Native title promises on pastoral leases come unstuck

Vast tracts of the Territory are leased to pastoralists for their massive cattle stations.
Vast tracts of the Territory are leased to pastoralists for their massive cattle stations.

The NT Government has backflipped on its promise to give native title owners more say with the Territory's pastoral leases.

The government today announced its had abandoned plans to change the lease laws after a sustained campaign from graziers, notably the NT Cattlemen's Association.

The association said government red tape had the potential to stifle the pastoral industry, warning of long delays in dealing with native title concerns.

More than 700,000 square kilometres of the Territory is granted to pastoralists under lease arrangements.

The National Farmers Federation also weighed in saying the the planned changes would stifle investment.

Indigenous groups had welcomed proposals to "help strengthen the capacity of native title holders to negotiate with pastoral land lessees".

The NT Government had agreed to allow native title holders had a right to negotiate (a right to be at the table) in relation to major economic developments on their traditional lands when a Non-Pastoral Use Permit (NPUP) for primary production diversification is sought on a pastoral lease.

The National Native Title Council said the changes would "better enable native title holders to be involved in discussions on land use arrangements, protect sacred sites and benefit from economic development on their lands including employment and business opportunities".

The Government said it supported the development and diversification of the Territory's economy and also recognises the rights of native title holders over their land, and how that land is managed.

Environment and Natural Resources Minister Eva Lawler said: "As a Government, we have taken a broad policy position which aims to strike a fair balance between the existence of Native Title, and Pastoral Rights".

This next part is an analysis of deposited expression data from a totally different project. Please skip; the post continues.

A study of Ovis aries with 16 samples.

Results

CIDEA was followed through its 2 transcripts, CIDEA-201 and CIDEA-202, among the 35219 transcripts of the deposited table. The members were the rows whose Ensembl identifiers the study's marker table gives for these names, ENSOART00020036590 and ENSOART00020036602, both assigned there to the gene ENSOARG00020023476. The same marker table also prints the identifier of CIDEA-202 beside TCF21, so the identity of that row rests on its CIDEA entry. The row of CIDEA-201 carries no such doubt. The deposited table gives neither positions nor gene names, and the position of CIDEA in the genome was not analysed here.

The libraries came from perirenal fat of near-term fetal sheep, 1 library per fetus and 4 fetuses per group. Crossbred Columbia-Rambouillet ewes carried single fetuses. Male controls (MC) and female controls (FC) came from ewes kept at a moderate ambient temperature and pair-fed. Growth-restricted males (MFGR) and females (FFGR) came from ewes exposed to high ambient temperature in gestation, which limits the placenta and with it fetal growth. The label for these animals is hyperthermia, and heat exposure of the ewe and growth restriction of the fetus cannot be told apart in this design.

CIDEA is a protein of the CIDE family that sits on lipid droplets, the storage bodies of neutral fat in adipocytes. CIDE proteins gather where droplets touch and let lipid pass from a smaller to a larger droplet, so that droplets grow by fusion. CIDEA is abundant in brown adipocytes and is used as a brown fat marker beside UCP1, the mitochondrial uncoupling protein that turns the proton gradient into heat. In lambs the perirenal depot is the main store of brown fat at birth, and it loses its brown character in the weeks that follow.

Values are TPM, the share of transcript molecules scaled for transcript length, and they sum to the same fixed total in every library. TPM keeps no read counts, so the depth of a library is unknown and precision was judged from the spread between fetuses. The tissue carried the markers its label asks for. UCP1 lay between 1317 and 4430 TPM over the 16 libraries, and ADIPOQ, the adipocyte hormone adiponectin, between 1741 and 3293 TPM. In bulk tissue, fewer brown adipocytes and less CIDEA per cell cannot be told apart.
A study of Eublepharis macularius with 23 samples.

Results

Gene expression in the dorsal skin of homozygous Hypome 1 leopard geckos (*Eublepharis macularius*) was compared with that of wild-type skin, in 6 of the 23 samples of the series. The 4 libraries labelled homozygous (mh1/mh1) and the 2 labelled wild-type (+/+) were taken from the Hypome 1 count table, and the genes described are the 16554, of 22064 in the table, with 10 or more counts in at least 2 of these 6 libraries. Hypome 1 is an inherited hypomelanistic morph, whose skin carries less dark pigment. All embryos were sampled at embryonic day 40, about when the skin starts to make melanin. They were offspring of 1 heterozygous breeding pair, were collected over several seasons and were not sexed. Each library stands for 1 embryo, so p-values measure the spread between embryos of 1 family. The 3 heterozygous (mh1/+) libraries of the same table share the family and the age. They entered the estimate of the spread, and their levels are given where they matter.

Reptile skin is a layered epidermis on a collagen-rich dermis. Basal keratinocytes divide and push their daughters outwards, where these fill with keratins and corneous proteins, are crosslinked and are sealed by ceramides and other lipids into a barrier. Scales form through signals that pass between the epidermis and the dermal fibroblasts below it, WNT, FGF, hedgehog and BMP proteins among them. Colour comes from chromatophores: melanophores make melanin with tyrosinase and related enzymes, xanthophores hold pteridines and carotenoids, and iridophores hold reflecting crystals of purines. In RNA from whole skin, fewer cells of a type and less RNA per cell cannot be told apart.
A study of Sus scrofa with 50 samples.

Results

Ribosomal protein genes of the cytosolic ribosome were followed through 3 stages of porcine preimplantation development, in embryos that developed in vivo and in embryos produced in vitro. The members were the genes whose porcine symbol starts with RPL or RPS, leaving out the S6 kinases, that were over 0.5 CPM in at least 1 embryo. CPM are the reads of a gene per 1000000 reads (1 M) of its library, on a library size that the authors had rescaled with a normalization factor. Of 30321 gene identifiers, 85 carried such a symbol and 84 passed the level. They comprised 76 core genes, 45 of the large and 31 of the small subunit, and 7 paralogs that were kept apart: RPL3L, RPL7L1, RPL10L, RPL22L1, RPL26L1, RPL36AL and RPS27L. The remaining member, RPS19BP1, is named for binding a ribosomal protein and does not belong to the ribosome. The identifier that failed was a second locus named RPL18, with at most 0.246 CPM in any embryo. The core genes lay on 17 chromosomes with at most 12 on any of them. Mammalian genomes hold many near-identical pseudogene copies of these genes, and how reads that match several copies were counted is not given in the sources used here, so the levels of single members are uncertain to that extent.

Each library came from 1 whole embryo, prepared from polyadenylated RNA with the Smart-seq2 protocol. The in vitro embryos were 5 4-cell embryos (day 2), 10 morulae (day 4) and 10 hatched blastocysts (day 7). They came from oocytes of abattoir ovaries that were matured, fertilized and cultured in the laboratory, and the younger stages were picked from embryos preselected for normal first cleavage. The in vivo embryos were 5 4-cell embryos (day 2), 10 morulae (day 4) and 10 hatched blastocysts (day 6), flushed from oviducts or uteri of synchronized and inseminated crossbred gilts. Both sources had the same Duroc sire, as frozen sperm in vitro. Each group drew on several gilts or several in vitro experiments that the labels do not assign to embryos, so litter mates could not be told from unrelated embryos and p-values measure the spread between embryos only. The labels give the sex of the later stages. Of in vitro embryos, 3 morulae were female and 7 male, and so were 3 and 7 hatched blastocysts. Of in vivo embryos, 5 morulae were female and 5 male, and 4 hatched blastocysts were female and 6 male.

The government today revealed the NT Cattleman's Association and Land Councils recently met for the first time to discuss the proposed amendments to the Pastoral Land Act, "and were unfortunately unable to form a collaborative view about the objectives of the proposed amendments".

"Notwithstanding our view of the importance of the policy, the Government has determined not to proceed with the proposed amendments to the Pastoral Land Act," Ms Lawler said.

"We acknowledge that the Land Councils have been strong advocates for these changes and we encourage the continuation of meetings between the Land Councils and the NTCA so that the sustainable development and economic opportunity of the pastoral estate can be realised, for all Territorians."

Ms Lawler said the Government will continue to hold discussions with the Northern and Central Land Councils and the NT Cattleman's Association over the issue.

"As a result the legislation will not be introduced whilst these discussions continue."

The NT Cattlemen's Association said the decision not to proceed with changes to the nonpastoral use permit system in the Pastoral Lands Act was a sensible policy outcome.

NTCA chief executive officer Ashley Manicaros said the cattle industry believed the proposed changes would stifle economic investment if they proceeded.

"Good policy should be driven by solid economic foundations especially when it comes to a desire to diversify an economy," Mr Manicaros said.

"At this point the changes will not proceed. We can now get on with the job of creating even more jobs in the $1.2 billion cattle industry free of any immediate excess red tape."

While you're with us, you can now receive updates straight to your inbox each Friday at 6am from the Katherine Times. To make sure you're up to date with all the news, sign up here.

This story Native title promises on pastoral leases come unstuck first appeared on Katherine Times.